November 29, 2021
Analytics will play a significant role in decisions around supply chain management as manufacturers take a closer look at operations in a post-COVID world. To help researchers, industries and students gain a better understanding of where the field is headed, two Mizzou Engineers recently edited a book addressing supply chain problems, analytical methods and case studies over recent years.
“This book focuses on providing an overview of current trends in supply chain as well as publishing state-of-the-art original research work dealing with advanced analytical models ,” said Sharan Srinivas, an assistant professor of industrial and manufacturing systems engineering (IMSE). “It includes a wide collection of analytical methodologies for optimizing key supply chain decisions, and bridges the theory-practice gap in supply chain management.”
Srinivas, IMSE Assistant Professor Suchi Rajendran and Hans Ziegler from the University of Passau, Germany, co-edited the book, “Supply Chain Management in Manufacturing and Service Systems.” It’s part of the International Series in Operations Research & Management Science book series. Contributors include researchers from academia and industry, including Tesla and SAP, from the U.S., Germany and India.
Editors primarily focused on two areas of analytics, predictive and prescriptive. Predictive analytics uses machine learning models to make predictions and help inform decisions based on historical data. Prescriptive analytics goes beyond that and suggests a best course of action based on those predictions.
“This book intends to empower the supply chains in the current era of digitization and Industry 4.0 by integrating machine learning and operations research methods for faster, smarter and informed decision-making,” Srinivas said.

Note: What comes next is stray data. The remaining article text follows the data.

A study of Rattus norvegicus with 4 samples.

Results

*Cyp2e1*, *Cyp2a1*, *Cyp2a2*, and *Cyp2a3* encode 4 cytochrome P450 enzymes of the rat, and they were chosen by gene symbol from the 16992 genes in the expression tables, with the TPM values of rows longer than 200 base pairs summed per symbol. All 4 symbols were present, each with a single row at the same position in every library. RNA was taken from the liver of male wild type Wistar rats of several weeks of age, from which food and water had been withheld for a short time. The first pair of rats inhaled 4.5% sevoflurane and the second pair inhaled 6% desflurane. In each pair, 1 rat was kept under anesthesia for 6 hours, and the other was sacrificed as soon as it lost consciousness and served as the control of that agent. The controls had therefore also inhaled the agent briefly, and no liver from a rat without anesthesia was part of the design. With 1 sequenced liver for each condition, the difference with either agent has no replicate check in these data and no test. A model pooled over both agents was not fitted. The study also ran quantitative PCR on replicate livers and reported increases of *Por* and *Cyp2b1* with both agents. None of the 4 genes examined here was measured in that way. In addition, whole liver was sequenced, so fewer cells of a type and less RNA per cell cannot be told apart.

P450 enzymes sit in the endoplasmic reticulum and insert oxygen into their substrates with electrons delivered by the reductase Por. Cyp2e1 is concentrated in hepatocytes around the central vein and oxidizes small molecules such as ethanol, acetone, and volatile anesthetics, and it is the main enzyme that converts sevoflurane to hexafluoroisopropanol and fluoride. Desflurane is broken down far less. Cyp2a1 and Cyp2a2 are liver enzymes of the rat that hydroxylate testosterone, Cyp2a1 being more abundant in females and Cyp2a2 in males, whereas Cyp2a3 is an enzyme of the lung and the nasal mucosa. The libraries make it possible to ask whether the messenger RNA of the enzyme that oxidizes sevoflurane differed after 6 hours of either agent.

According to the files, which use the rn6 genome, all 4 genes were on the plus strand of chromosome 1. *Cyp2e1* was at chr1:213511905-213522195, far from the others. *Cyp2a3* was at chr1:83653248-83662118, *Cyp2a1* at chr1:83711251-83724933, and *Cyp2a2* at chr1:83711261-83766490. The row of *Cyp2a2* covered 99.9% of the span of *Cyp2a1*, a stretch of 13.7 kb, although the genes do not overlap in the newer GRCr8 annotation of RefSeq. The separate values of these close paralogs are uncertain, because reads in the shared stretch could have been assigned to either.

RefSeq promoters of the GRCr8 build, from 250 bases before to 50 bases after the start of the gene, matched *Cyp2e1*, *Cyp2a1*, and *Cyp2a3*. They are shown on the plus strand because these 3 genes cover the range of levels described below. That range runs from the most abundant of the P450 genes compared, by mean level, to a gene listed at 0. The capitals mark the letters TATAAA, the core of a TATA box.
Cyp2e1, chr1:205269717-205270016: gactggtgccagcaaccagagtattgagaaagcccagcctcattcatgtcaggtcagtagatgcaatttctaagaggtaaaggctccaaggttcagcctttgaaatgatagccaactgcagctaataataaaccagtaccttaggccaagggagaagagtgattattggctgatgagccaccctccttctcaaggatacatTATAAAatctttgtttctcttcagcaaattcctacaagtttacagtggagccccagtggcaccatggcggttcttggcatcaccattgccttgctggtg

Machine learning and artificial intelligence can improve supply chain management by helping manufacturers weigh factors such as costs and risks.
Historically, the primary consideration has been keeping operating costs low while still meeting consumer demands. However, in recent years, major disasters, a global pandemic and terrorist events have highlighted the need for resiliency as well.
“Over the last 10 to 15 years, organizations have realized the importance of managing risks in supply chains,” Rajendran said. “Focusing solely on reducing the costs in a supply chain reduces its capability to handle disruptions. For instance, sourcing raw materials from a single international supplier may be the cheapest option, but even a small, localized disruption with that supplier will lead to significant delays and revenue loss. In recent times, the semiconductor shortage in China, as a result of COVID, has led to billions of dollars in lost revenue for tech companies like Apple. Therefore, it is very important to achieve a tradeoff between cost, delivery speed and resiliency when managing a supply chain.”
The book addresses those challenges and offers solutions such as intelligent digital supply chains, proactive strategies in online routing, evaluating drone-integrated delivery strategies and prescriptive analytics for real-time scheduling. Key concepts are illustrated with real-life case studies, making the book accessible to technical professionals as well as researchers and students.